The parish of Tuppenceworth has seen it’s best writing, and best thinking, in 2009. Unfortunately for me, all of it was produced by Fergal. I have bumped along, the Bez to his Ryder, cheerfully waving my maracas whenever I thought anyone was looking.
But that isn’t to say I abandoned the web this year. In fact, I probably have more posts with my name beside them than ever. They just all lived on my primary 2009 project, Liveblog.ie. That site is now 13 months old and I have some thoughts about what I think I’ve learned from it along the way. But, as the nature of Liveblogging is collaborative, I’d invite you to give your own considered observations below and on your own sites. I’ll copy a sample up into the post as you do. This is the first part of a two part extravaganza.
Part One: Why bother?
Firstly, Liveblog.ie was always an experiment. I started it after a few tries on Tuppenceworth. Here’s the first outing- a drifting solitary meander around John Waters. Hardly a liveblog at all- I’m on my own, talking to myself. Or Fergal may have joined in too. ScribbleLive at the time didn’t indicate who’s said what.
Nonetheless, I enjoyed it enough to do it again. There was no appointment to watch yet. I was just typing about whatever was on the television in front of me. As the technology underlying the ScribbleLive platform developed, so did my use of it. A core group developed, some of whom were unlucky enough to be pinned to a table in real life and who listened to me as I wrestled with what this funny new kind of webpost might do. Those people- Suzy, Alexia, Mark Coughlan and Cian, amongst the many others who joined in night after night setting the medium’s tone- shaped and added to my mental image of liveblogging’s potential. I don’t want it to seem as though I’m claiming any part in their work- a liveblog is a collaborative act. Imagining them was likewise.
As a medium, liveblogging is still only a shadow of what it could be. But even still, the faint sketched in lines are becoming clear. And, as usually happens with an internet technology, I think the real impact of liveblogging will be felt in places the inventors didn’t expect.
Since doing the Paper Round with Fergal and Ger, I have been struggling to absorb the meaning of what we found. Newspapers are failing. This is important because they are the primary source of original information for and about Irish society to allow it to understand itself. We regularly read references to the pressures on their business model- how ads are melting away. But Paper Round was done at the peak of a decade long advertising boom. It wasn’t a shortage of money that was killing the newspaper as a socially valuable medium.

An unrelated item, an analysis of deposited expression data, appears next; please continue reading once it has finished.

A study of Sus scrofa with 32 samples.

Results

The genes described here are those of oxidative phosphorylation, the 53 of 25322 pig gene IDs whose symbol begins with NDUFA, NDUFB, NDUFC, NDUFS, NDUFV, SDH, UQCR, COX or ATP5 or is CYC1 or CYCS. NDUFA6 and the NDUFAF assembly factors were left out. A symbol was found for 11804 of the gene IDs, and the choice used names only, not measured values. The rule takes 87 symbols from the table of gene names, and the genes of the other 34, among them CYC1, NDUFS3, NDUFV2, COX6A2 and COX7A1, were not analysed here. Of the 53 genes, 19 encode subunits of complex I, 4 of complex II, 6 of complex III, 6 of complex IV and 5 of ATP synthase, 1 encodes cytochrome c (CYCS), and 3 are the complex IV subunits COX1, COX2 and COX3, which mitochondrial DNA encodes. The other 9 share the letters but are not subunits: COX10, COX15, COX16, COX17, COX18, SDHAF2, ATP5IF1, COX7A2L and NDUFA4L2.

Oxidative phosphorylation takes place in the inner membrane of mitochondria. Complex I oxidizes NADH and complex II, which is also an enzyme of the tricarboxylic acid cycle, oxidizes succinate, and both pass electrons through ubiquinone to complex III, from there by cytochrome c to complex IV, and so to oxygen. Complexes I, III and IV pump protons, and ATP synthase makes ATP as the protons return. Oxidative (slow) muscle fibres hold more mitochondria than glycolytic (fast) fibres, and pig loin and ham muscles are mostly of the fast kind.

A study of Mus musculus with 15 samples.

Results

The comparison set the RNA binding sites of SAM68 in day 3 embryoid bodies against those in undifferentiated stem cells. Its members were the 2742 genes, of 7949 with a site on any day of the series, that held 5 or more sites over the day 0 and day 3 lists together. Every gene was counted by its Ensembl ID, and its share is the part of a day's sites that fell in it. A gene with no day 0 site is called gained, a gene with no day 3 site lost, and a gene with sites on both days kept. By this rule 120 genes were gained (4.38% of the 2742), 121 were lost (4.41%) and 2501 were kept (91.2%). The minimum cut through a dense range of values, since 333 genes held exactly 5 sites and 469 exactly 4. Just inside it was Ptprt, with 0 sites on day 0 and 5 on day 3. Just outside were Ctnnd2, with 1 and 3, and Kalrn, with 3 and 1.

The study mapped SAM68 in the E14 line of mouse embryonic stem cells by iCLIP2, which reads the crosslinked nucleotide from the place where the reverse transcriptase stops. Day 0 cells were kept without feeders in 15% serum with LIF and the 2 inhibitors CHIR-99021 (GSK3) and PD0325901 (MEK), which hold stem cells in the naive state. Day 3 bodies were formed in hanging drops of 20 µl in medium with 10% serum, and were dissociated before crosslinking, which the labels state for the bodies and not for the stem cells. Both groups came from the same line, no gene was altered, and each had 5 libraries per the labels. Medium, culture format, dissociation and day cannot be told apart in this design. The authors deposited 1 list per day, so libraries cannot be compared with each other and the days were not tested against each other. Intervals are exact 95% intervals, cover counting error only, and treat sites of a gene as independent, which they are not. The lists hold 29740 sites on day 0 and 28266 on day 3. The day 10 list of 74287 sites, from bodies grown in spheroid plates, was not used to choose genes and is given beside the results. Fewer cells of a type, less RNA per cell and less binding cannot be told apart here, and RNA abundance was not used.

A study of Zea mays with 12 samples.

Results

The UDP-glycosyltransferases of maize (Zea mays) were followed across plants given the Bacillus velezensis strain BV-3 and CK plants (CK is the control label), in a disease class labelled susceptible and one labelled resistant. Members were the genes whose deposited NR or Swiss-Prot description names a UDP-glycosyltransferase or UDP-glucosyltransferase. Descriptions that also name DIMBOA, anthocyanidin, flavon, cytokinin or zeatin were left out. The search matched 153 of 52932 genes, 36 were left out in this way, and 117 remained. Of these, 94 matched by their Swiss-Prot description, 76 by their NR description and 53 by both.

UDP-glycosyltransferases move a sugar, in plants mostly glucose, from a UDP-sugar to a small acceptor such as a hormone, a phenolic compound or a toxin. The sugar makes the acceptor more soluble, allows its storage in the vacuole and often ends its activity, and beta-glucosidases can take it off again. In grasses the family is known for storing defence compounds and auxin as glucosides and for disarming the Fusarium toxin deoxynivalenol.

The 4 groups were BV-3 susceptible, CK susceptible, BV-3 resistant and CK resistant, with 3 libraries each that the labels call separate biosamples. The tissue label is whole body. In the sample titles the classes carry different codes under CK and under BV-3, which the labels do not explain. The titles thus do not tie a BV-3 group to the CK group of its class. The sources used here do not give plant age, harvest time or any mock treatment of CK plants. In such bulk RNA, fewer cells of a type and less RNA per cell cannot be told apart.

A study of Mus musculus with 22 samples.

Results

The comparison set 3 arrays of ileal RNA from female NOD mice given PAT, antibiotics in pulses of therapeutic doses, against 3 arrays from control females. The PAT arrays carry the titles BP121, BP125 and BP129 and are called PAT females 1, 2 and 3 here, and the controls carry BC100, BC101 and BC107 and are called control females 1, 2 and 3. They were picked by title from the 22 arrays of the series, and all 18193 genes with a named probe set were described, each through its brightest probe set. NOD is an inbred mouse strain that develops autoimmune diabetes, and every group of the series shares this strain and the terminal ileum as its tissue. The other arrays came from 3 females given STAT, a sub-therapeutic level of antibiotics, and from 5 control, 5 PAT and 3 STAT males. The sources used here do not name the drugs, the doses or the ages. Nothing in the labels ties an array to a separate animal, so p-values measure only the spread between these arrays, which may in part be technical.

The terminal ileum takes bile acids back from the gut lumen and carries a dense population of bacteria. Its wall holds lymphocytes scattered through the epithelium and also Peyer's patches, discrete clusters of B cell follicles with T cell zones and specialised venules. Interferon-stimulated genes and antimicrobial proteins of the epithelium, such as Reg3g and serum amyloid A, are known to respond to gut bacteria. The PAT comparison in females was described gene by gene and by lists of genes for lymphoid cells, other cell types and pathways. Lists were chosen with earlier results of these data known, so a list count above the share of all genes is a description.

They had simply forgotten what they were for.
Press Releases masqueraded as news stories. Property Developers had verbatim PR pufferies about their wives’ dresses printed in multiple newspapers to drown out unwanted actual news from An Bord Pleanala. The readership was forgotten- taken for granted as the dumb swallower of all the paid for placed guff and uncritical relaying of untruths. If advertisers abandon a newspaper, it can tighten its belt. If readers abandon it, it dies. Sooner or later, readers will abandon newspapers full of empty stories.
When I eventually realised that newspapers were going to fall, I was concerned. With them would go the possibility they could improve. The Irish Press waxed and waned in quality and influence, but when it was gone, it was gone. Replacing newspapers as a whole class of information source will be impossible if we simply attempt to recreate what was there before.
You might argue I’m being sentimental. Why worry about dead trees and their inky pulp when we have the bright world of broadcast and online news?
Well, if you think print is dead, you’ve never seen the production office of a radio or television current affairs programme. They are the initial source of almost all the discussions and debate you hear throughout the day over the airwaves. And as any one honest will confirm there is no Irish online only news source with the capacity to replace the entirety of even the weakest of newspapers.
A democracy, and a society, must have a way of reporting on events and their meaning to citizens if they’re to make informed choices about what direction it should take. If you work from the position that newspapers will vanish from Ireland within 6 years you’re immediately confronted with the problem of how to replace them.
So, I started with the intention of seeding, exploring and perhaps helping to nudge into creation something which could, in a basic way, meet some of that need after newspapers. That was a greater success than I’d even hoped for. Check out the coverage of the Party Conferences last Summer, or the Local Election counts to see the ‘mirror ball effect’ at work, reflecting and highlighting hundreds of different points of view at once.
The cash resources required to produce these excellent rolling reports- running live over multiple days and nights in some cases- was negligible. That’s because the medium allowed us to ape Wikipedia’s harnessing of the knowledge (I don’t go quite as far as wisdom) of the crowd. As citizens we weren’t told by a central source what was happening. Instead, with only gentle touch moderation, we told each other what we knew. The broader picture grew out of those individual tales.
When, (or if, should you wish to remain cheery), I am correct and newspapers shut their doors we will have built a safety net.
In Part Two: What Next? I hope to show that as a medium, liveblogging is already showing signs of becoming more than just a replacement for traditional media. It may yet turn out to play a part in refreshing our political system and breathing life into the stale world of Irish television.